World demand for energy remained essentially flat in 1999, growing by only 0.2 per cent, well below the average increase for the past ten years of 0.9 per cent. If the significant fall in Chinese energy use is excluded, however, global consumption rose by 1.4 per cent.

Emerging and developing economies’ consumption fell by 2.3 per cent during the year, compared to 1.4 per cent growth in demand in the OECD area, according to the BP Amoco Statistical Review of World Energy 2000.

There was a dramatic change in energy use in China, with overall demand falling by 10.7 per cent, including a 16.8 per cent fall in demand for coal. Excluding China though, energy use in the Asia-Pacific region rose 2.5 per cent. 1999 also saw the first rise since 1990 in energy consumption in the countries of the former Soviet Union (FSU), growing by 1.4 per cent.

Oil demand recovered, up 1.6 per cent across the world and particularly in the Asia Pacific region, up 3.6 per cent on 1998. US demand rose 2.2 per cent.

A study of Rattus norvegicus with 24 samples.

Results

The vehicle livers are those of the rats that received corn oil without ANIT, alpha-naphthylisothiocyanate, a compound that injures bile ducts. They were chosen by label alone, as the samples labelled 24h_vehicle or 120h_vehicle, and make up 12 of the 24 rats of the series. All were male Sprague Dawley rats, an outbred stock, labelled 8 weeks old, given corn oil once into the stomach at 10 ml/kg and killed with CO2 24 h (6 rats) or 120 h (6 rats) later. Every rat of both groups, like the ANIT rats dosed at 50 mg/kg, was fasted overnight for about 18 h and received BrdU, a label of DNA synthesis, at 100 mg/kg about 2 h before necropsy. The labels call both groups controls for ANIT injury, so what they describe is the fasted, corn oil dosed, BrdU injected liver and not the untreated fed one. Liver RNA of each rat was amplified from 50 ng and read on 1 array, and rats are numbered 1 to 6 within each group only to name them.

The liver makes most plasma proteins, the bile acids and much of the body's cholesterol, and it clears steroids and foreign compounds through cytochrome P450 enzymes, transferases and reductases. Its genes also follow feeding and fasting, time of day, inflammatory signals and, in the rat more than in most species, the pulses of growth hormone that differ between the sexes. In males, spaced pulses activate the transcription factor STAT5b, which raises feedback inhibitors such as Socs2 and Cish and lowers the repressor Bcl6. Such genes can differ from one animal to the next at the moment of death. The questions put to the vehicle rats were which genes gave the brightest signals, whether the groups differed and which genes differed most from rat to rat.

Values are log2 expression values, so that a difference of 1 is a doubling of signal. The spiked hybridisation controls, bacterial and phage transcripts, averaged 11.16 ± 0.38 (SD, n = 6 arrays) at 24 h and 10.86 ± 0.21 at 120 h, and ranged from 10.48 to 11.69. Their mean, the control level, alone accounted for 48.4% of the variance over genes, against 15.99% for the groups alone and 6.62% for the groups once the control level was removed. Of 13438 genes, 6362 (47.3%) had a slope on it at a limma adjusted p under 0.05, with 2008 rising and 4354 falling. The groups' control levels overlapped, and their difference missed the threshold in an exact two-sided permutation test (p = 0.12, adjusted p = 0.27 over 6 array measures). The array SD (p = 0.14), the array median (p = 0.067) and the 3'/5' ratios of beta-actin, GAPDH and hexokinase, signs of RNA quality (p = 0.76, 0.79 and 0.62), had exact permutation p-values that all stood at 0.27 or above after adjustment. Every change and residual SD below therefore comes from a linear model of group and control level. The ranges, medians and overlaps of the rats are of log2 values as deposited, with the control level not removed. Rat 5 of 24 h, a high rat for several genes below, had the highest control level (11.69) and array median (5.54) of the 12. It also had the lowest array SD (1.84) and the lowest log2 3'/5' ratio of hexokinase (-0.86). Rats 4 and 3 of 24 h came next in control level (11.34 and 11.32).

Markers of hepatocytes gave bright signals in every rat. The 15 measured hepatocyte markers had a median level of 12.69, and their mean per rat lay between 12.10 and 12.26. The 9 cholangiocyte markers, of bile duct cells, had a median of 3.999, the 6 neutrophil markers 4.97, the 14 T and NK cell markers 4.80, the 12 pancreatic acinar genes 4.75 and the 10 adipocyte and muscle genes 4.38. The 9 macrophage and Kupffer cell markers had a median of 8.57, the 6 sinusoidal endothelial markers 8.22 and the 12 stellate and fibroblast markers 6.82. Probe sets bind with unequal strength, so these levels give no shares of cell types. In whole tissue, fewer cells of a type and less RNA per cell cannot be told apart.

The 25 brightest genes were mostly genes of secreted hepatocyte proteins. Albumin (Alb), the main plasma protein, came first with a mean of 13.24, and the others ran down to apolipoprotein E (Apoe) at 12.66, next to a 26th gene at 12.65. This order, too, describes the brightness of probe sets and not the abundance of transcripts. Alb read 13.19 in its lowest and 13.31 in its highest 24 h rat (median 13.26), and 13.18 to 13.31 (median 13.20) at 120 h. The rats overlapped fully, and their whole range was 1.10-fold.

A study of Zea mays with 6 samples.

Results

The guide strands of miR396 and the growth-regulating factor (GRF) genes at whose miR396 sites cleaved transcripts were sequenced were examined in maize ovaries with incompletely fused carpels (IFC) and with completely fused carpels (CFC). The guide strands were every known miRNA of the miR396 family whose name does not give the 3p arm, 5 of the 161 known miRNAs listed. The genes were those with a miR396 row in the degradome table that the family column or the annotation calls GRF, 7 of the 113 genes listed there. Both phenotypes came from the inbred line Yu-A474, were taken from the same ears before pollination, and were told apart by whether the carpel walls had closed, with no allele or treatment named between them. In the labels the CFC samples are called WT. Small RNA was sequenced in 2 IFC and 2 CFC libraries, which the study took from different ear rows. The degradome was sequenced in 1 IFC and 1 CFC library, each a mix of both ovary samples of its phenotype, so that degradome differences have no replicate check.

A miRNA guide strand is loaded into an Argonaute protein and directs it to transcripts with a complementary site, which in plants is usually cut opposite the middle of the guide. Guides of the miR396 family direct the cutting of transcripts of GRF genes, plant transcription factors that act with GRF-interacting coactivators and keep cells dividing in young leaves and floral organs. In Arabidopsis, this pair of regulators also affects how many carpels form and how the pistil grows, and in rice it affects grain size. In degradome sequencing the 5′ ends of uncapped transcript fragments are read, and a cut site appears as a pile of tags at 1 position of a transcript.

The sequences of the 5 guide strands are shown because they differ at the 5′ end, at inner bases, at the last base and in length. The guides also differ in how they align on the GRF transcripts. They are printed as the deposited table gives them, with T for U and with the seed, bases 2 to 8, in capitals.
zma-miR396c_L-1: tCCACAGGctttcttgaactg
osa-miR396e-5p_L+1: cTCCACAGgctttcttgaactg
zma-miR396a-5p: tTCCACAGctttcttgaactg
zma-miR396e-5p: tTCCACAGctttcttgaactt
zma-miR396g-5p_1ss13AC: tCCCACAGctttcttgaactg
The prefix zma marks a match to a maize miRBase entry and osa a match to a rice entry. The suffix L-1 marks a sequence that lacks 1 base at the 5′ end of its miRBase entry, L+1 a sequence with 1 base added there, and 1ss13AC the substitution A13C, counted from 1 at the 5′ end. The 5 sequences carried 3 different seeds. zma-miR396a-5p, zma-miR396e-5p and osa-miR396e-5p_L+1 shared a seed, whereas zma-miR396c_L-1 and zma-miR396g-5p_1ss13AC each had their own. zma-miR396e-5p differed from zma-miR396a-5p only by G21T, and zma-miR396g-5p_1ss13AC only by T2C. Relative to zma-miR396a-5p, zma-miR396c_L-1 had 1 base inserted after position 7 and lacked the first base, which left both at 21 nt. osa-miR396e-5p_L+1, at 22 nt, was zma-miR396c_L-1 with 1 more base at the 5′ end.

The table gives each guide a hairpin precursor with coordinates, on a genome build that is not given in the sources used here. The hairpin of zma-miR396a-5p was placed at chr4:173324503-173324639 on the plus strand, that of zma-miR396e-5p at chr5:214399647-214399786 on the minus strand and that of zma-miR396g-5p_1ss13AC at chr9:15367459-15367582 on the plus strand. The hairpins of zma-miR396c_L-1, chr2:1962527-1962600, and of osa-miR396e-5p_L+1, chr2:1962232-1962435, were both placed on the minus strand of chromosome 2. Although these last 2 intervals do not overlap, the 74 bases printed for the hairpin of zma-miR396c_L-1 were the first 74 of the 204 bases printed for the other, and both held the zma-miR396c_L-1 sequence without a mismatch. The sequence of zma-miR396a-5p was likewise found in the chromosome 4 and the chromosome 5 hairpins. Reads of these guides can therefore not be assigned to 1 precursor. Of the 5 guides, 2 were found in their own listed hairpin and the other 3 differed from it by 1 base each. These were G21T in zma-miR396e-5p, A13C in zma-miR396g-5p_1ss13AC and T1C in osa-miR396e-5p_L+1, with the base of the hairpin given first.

Gas continues to gain market share, rising to over 24 per cent of total energy consumption. Demand rose 2.4 per cent in 1999, significantly above the 10-year trend of 1.7 per cent, driven by increasing market deregulation, environmental benefits and the technical advances in CCGT generation. Demand in the US, the world’s largest market, rose by only 0.5 per cent due to warm weather and the low price of fuel oil. Gas production rose 2.5 per cent with 12 countries increasing supply by more than 10 per cent.

Coal continued to lose market share, with demand falling 5.1 per cent. In Europe, coal demand was down 5.2 per cent, it remained flat in the US and Asian consumption outside China grew by just 0.6 per cent against a ten-year average of 2.8 per cent.

The use of nuclear power rose 3.8 per cent in 1999, largely due to an 8.0 per cent rise in the US where re-licensing of existing plant supported output despite no new plant commissioning. Use of hydroelectricity continued to slowly grow, up 0.9 per cent in 1999, but is significantly influenced by the weather on a year-by-year basis. Production of energy from other renewable sources remains tiny by comparison with other sources.

Wind is the fastest growing of the renewable energy sources.